DNA Comparison of Africa's Ethnic Groups Quantifies Genetic Diversity: Differences Could Reveal Details of Modern Human Origins

By Barazesh, Solmaz | Science News, May 23, 2009 | Go to article overview
Save to active project

DNA Comparison of Africa's Ethnic Groups Quantifies Genetic Diversity: Differences Could Reveal Details of Modern Human Origins


Barazesh, Solmaz, Science News


The largest genetic study of African populations reveals a greater diversity among the continent's cultural groups than previously known, scientists say. The study also offers insight into the origins of modern humans and the ancestry of African-Americans, researchers said in an April 29 teleconference and in a paper posted online April 30 in Science.

Until now, most genetic surveys of this type have used data from just a few African groups assumed to reflect Africa's genetic diversity. But the new research shows that "no single African population is representative of the diversity of the continent," says study coauthor Sarah Tishkoff of the University of Pennsylvania in Philadelphia.

Tishkoff and her colleagues analyzed particular DNA sequences--series of the chemical letters that encode genetic information--from more than 3,000 people from 121 different populations scattered throughout Africa. Researchers divided the participants based on self-identified ethnic groups.

To reach remote groups, such as the Pygmies of Cameroon and the hunter-gatherers of Tanzania, researchers drove off-road and set up makeshift labs with equipment powered by their car battery.

"This is by far the most in-depth analysis in terms of the number of populations analyzed," comments evolutionary geneticist Mark Stoneking of the Max Planck Institute for Evolutionary Anthropology in Leipzig, Germany.

The researchers found that the genetic sequences were highly diverse from one population to the next. "We knew that African populations were diverse in culture, art, religious ideas," says Roy King of Stanford University School of Medicine. "Now we see that genetic diversity goes along these same lines."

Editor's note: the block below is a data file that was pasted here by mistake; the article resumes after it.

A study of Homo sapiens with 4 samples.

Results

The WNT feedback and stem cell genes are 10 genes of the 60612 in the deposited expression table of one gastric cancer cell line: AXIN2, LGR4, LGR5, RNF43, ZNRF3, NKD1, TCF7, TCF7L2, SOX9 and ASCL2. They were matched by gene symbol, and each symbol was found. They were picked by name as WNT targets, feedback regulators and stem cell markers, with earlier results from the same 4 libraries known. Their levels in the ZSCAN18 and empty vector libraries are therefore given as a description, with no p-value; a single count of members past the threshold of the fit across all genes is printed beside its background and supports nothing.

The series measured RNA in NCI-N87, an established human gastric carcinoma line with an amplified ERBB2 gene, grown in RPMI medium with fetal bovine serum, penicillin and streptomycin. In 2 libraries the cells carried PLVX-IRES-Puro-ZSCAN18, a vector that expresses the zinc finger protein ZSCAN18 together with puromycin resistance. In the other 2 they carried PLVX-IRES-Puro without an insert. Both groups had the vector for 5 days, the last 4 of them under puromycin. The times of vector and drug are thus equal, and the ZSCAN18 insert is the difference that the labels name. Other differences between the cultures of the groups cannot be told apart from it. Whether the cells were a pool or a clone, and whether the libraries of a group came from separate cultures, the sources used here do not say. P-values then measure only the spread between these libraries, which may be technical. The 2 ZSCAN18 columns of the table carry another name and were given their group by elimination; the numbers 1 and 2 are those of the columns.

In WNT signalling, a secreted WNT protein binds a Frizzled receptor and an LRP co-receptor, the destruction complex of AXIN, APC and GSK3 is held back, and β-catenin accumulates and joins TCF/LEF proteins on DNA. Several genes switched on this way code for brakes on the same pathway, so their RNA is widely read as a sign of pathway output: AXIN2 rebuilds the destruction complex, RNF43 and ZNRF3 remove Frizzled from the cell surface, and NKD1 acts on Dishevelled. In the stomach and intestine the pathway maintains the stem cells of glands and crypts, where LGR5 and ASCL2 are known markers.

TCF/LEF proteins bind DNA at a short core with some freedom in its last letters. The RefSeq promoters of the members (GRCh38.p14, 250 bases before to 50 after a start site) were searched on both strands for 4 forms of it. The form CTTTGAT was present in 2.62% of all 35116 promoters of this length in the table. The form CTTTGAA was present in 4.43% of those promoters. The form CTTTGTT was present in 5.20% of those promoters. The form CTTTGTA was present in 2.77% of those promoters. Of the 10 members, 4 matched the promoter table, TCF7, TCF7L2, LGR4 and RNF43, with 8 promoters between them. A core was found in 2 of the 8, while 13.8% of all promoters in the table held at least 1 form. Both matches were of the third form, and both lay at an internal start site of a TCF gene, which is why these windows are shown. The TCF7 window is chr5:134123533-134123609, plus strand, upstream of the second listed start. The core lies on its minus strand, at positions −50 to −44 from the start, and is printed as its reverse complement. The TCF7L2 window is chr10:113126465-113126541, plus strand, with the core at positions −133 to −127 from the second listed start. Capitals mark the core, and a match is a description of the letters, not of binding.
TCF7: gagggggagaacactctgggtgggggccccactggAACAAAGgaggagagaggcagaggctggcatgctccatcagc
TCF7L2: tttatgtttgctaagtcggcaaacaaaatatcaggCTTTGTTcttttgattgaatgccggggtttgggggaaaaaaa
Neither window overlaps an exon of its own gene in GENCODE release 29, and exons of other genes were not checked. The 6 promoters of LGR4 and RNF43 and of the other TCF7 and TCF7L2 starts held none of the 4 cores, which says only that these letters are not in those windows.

Because modern humans originated in Africa, there has been more time for changes to accumulate in the African DNA sequences than there has been in sequences from people in other parts of the world, Tishkoff says.

It turns out that the San bushmen of southern Africa have the most distinct, and therefore oldest, genetic sequences, the team reports.

The rest of this article is only available to active members of Questia

Sign up now for a free, 1-day trial and receive full access to:

  • Questia's entire collection
  • Automatic bibliography creation
  • More helpful research tools like notes, citations, and highlights
  • Ad-free environment

Already a member? Log in now.

Notes for this article

Add a new note
If you are trying to select text to create highlights or citations, remember that you must now click or tap on the first word, and then click or tap on the last word.
Loading One moment ...
Project items
Notes
Cite this article

Cited article

Style
Citations are available only to our active members.
Sign up now to cite pages or passages in MLA, APA and Chicago citation styles.

Cited article

DNA Comparison of Africa's Ethnic Groups Quantifies Genetic Diversity: Differences Could Reveal Details of Modern Human Origins
Settings

Settings

Typeface
Text size Smaller Larger
Search within

Search within this article

Look up

Look up a word

  • Dictionary
  • Thesaurus
Please submit a word or phrase above.
Print this page

Print this page

Why can't I print more than one page at a time?

While we understand printed pages are helpful to our users, this limitation is necessary to help protect our publishers' copyrighted material and prevent its unlawful distribution. We are sorry for any inconvenience.
Full screen

matching results for page

Cited passage

Style
Citations are available only to our active members.
Sign up now to cite pages or passages in MLA, APA and Chicago citation styles.

Cited passage

Welcome to the new Questia Reader

The Questia Reader has been updated to provide you with an even better online reading experience.  It is now 100% Responsive, which means you can read our books and articles on any sized device you wish.  All of your favorite tools like notes, highlights, and citations are still here, but the way you select text has been updated to be easier to use, especially on touchscreen devices.  Here's how:

1. Click or tap the first word you want to select.
2. Click or tap the last word you want to select.

OK, got it!

Thanks for trying Questia!

Please continue trying out our research tools, but please note, full functionality is available only to our active members.

Your work will be lost once you leave this Web page.

For full access in an ad-free environment, sign up now for a FREE, 1-day trial.

Already a member? Log in now.

Are you sure you want to delete this highlight?